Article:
Food shortages lead to malnutrition and starvation. Malnutrition means under-feeding, i.e. receiving a diet lacking sufficient energy or other essentials such as vitamins or protein. Starvation means death from lack of food.
Overcrowding leads to an increase in disease, crime, vandalism, drug-taking, etc.
COMPETITION FOR LAND
Competition for land causes increased possibilities of wars and disturbances.
Deforestation as trees are cut down for fuel and to provide more space for agriculture leads to:
1. soil erosion — if trees are cut down on hillsides, the fertile topsoil may be washed away into rivers and crops cannot then be grown on the bare hillsides;
2. less absorption of carbon dioxide from the atmosphere by photosynthesis
3. a locally drier climate because trees give off large quantities of water from their leaves.
increasing pollution from the use of pesticides to produce more food and from increased use of fuels to meet increasing demands for energy.
Water shortages occur whenever the population outgrows the local supplies.
PREVENTING FUTURE CRISES
To stabilize world population, the birth rate must be reduced until it equals the death rate. This can be achieved by:
1 educating parents to restrict their families to two or three children at the most;
2 providing cheap, effective, and acceptable methods of contraception and birth control.
INCREASED FOOD PRODUCTION
1 Selective breeding of crops and livestock.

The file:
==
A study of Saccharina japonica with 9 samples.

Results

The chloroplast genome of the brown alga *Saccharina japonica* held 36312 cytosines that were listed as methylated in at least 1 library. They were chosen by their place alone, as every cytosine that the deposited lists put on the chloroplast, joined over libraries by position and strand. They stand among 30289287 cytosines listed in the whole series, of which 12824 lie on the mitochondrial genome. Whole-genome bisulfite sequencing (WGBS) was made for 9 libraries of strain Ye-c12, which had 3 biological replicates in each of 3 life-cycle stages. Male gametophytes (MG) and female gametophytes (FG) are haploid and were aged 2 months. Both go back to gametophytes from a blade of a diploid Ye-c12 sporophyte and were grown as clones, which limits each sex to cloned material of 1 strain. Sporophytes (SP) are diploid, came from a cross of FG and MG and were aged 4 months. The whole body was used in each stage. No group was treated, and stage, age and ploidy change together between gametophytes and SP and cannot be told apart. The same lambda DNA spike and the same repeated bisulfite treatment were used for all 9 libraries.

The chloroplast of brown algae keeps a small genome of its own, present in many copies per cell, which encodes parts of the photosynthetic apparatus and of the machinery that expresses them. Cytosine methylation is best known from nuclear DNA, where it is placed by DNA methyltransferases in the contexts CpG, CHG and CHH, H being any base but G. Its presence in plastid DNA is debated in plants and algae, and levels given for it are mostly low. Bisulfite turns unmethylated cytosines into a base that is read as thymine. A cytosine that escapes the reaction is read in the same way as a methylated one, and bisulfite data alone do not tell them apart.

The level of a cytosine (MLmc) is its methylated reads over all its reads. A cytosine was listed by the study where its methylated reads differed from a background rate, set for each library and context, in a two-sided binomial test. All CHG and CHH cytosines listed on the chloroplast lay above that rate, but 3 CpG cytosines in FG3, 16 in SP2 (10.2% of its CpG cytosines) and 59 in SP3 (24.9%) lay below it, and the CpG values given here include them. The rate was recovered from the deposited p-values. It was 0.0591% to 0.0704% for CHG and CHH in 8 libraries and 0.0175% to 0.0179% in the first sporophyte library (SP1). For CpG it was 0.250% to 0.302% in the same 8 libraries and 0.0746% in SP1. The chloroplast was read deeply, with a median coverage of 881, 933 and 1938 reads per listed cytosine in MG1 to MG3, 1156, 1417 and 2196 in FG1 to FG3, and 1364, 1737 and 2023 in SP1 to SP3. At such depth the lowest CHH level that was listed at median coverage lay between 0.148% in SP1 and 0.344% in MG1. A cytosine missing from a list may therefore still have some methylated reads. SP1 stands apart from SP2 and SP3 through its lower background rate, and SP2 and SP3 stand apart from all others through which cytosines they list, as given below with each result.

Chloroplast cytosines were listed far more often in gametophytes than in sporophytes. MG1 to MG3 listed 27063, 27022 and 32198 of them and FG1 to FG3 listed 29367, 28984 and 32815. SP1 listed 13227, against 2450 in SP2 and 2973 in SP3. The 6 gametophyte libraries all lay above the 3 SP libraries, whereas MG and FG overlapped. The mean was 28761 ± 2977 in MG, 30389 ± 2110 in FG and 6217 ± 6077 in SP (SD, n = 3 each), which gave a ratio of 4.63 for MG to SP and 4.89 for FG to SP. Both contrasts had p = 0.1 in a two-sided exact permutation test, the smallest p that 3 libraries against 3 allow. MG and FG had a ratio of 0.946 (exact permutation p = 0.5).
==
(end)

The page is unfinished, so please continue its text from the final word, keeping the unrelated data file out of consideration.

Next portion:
2 Increased uses of fertilizers.
3 Increased use of chemicals to kill weeds (herbicides), fungi (fungicides) insects (insecticides) and pests generally (pesticides).
4 Increased use of resources not currently exploited, e.g. fishing for Antarctic krill (shrimps) and fish farming in lakes, etc.
5 More use of plant proteins, e.g. proteins from soya bean or ‘single cell proteins’ manufactured by single-celled microorganisms such as yeasts. Cheap proteins from plants could replace expensive animal proteins to a much greater extent than at present.
6 Growth of food crops instead of crops grown for cash, e.g. tobacco, which take up valuable space for growing food.
7 Irrigation (providing a supply of water) to desert areas.
Food distribution can also be improved. Efficient farming in North America and Europe has produced huge food surpluses, e.g. the EEC ‘butter mountains’. Poor countries cannot afford to buy these and rich countries do not need them.
Types of fertilizers
|Organic fertilizers, e.g. sludge, compost, manure.||1. To improve structure of light Soils so that they can be worked more easily.2. May also break down slowly to
yield nitrates for plant growth.
|Slow acting; difficult to apply; but cause no pollution problems.|
|Inorganic fertilizers, e.g. nitrates, sulphates, phosphates.||To provide requirements for protein manufacture, i.e. plant growth.||Fast acting; easily applied; but excess use causes pollution.|
CONSERVATION AND RECYCLING
1 Existing supplies of key minerals, e.g. zinc, may soon be exhausted. Solution is to re-cycle scarce materials from scrap and develop substitutes, e.g. plastics.
2 Energy needs to be conserved, e.g. by insulating houses, installing better controls, e.g. thermostats, and generally making more efficient use of existing sources. Also more research into renewable energy sources is required.
3 Recycling i.e. re-use, of paper helps to reduce the need for deforestation.